The Scottish Open’s Trump card?
Could a Scottish Open at Trump International Golf Links be on the agenda? I only ask because Aberdeen Asset Management chief Martin Gilbert met up with Donald Trump in Aberdeen last week during the entrepreneur’s most recent trip to Scotland. Nothing official but here’s a theory…
Aberdeen Asset Management is locked in to sponsor the Scottish Open until 2017, a role (and cost) it shares with the Scottish Government.
If the government pulls its support – and, with no Ryder Cup ‘legacy’ box to tick, it stands to reason that it might – AAM would potentially need the support of another wealthy, prominent backer to underwrite part of the cost of the tournament. Someone with deep pockets and a world-class, tour-ready golf development, perhaps. Someone like, oh, I don’t know, Donald Trump perhaps?
Just speculating, of course.
Stop the press!
Malcolm X (bear with me) once noted that ‘the media is the most powerful entity on Earth’. If so, then the balance of that power has shifted unmistakably on the European Tour. At this week’s BMW PGA Championship, the media was banned from the driving range, as had been the norm in previous years. Instead, reporters were allocated a small – and frankly demeaning – ‘pen’ at the far end of the range, from which it was almost impossible to do any kind of productive work.
The decision to relocate the media was taken by the tour after complaints from players who felt that the range had become too busy in recent years. That, they argued, would be alleviated by getting shot of the people who promote them and, in turn, their sponsors.
Did it work? Use the pics below to judge for yourself. The first is taken from the far end of the ‘pen’ looking out towards the range. The second is taken from the entry to the ‘pen’ just ten seconds earlier.
That’s right. The range was still packed. So packed, in fact, that I even overheard Miguel Angel Jimenez complain about it as he struggled to get past a band of hangers-on. So, if it’s not the media causing the problem, who is it? That, of course, is a question that really ought to have been asked in the first instance…
An ongoing ‘Case’
Paul Casey was originally scheduled to play at Wentworth this week but was forced to pull out due to unresolved ‘green card issues’ in the US. Apparently, the former world No.3 can’t leave the States until such times as that business is cleared up. When he does get playing over here again, he’ll have a new man on his bag after splitting with Scottish caddie Mark Crane. The pair recently called time on their five-month partnership, with Crane picking up the bag of another English star, Chris Wood.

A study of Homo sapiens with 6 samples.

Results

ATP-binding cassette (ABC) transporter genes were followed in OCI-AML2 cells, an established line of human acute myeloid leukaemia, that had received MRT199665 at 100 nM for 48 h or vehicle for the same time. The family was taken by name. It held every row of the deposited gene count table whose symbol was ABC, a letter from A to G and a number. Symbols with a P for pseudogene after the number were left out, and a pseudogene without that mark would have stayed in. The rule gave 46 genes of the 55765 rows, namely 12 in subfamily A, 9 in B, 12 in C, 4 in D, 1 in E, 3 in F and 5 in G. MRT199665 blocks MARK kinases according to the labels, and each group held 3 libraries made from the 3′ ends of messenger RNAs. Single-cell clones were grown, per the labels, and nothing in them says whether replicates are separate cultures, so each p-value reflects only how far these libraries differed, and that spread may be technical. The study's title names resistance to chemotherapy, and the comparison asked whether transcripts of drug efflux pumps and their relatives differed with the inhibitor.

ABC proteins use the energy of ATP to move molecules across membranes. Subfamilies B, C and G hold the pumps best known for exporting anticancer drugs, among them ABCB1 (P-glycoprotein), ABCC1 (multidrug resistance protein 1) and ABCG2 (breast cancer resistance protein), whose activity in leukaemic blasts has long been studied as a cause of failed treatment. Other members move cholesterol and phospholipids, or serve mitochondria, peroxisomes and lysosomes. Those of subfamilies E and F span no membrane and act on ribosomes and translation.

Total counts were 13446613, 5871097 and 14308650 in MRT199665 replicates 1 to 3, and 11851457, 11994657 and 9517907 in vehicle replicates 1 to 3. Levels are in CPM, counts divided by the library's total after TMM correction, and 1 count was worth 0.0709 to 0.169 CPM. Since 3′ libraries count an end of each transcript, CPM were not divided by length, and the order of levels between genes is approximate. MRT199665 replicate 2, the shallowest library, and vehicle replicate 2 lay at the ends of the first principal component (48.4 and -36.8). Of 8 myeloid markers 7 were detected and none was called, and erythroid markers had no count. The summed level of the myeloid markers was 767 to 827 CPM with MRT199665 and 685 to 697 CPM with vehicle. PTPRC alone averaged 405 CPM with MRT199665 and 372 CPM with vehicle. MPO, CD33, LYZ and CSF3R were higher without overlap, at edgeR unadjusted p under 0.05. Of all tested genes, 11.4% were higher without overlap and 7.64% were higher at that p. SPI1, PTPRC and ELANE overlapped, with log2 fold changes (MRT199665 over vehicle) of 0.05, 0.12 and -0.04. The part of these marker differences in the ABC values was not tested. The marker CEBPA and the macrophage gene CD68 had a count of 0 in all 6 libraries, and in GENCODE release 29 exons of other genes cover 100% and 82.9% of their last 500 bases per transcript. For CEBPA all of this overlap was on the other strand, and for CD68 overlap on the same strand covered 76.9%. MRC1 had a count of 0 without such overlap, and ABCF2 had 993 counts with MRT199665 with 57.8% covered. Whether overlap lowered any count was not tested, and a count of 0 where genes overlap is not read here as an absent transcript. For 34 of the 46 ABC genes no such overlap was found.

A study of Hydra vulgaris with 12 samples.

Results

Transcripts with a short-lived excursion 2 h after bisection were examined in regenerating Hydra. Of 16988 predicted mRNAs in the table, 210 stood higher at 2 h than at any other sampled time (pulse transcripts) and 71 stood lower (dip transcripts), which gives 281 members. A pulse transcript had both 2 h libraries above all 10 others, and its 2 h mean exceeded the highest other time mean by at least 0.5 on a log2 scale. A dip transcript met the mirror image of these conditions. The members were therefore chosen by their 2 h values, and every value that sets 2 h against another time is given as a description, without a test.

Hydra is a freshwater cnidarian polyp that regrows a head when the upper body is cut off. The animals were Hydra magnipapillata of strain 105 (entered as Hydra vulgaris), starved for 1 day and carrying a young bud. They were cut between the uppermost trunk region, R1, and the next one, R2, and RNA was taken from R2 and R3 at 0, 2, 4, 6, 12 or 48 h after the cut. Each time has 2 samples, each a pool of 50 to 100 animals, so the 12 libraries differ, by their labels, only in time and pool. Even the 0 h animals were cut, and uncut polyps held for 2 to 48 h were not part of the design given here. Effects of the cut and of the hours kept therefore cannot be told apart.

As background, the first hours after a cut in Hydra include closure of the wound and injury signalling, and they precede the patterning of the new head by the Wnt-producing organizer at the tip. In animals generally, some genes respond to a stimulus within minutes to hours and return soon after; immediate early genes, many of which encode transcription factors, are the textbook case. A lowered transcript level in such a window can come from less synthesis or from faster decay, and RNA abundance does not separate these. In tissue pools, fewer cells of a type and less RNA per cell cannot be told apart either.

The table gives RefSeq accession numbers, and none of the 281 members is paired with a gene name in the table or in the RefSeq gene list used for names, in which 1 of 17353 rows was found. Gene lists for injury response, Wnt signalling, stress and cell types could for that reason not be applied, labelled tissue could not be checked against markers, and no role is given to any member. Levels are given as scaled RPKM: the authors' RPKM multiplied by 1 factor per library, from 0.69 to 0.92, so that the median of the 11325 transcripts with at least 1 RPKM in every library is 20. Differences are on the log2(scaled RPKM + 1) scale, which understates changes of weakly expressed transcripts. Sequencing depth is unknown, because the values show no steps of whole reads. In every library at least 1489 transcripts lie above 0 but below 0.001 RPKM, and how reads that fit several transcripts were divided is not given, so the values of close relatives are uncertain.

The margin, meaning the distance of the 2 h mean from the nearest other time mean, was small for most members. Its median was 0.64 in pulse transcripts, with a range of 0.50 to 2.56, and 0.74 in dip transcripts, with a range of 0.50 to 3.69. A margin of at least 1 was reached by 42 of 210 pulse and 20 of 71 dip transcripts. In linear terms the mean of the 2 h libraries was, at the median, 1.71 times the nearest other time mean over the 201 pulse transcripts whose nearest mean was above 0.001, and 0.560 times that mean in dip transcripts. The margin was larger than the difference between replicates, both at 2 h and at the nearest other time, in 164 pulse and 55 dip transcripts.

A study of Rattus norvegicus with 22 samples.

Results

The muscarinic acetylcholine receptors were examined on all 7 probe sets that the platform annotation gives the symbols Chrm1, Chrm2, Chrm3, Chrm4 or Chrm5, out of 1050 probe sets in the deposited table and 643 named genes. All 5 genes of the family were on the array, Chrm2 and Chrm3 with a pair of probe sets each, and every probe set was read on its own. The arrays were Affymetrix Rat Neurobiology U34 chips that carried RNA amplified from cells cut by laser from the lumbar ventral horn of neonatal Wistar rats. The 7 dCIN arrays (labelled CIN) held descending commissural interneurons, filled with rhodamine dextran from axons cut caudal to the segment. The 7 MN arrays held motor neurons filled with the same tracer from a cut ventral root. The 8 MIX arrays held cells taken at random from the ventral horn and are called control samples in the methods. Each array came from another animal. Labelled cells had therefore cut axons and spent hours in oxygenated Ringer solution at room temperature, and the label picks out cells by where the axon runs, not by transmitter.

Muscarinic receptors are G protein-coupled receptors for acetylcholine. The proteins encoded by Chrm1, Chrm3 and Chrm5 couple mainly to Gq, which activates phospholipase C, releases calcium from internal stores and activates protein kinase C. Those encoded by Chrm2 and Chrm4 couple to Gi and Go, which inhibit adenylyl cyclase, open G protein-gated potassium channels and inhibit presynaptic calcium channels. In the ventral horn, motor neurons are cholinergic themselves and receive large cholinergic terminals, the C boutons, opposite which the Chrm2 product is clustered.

Wentworth: it’s not Dalmuir
There are one or two differences between the Dalmuir Pro-Am and the BMW PGA Championship. So said Chris Kelly, the prolific Tartan Tour winner who was in the field at Wentworth this week. Admiring the Surrey surroundings, Kelly cast his mind back to playing at Dalmuir a few years ago. His girlfriend, fellow professional Heather MacRae, decided to caddie for him, against Kelly’s better judgement. His fears were well placed when, as early as the third hole, a band of, ahem, ‘spectators’ emerged from the trees and bellowed: “Gaun yersel’ big man, letting her oot of the kitchen, eh? Nice one!” No such problems at Wentworth, of course. The only thing hiding amongst the trees there are £11m houses and Maseratis…
Kids these days…
Lucy Li qualified for the US Women’s Open this week – aged 11. Eleven. Eleven. To give that some context, Tiger had won the majority (eight) of his majors by the time she was born.
Rory’s ‘PC’ policy
“I haven’t put my phone on for two days and have given away my laptop,” noted Rory McIlroy in the aftermath of his split from Caroline Wozniacki. Which begs a very important, pertinent, and pressing question: did he erase his hard-drive first?
Beware the injured golfer
He hasn’t played golf for two months, it’s unclear when he next will, and he’s relinquished his position as world No.1 Despite all that, however, Tiger Woods is still the bookies’ favourite to win the US Open (which he probably won’t play in) in just over three weeks’ time. See?
Poults’ pain in the back…
Don’t be alarmed (well, not yet) but Ryder Cup uber-performer Ian Poulter is carrying an injury. I overheard him complain of having been suffering from back spams of late and, after his practice session on Wednesday, he was heard to say: “I can’t believe I’ve hit as many shots as I have, to be honest.” Here’s hoping it’s nothing serious – Europe needs ‘The Postman’ to deliver the goods at Gleneagles this September.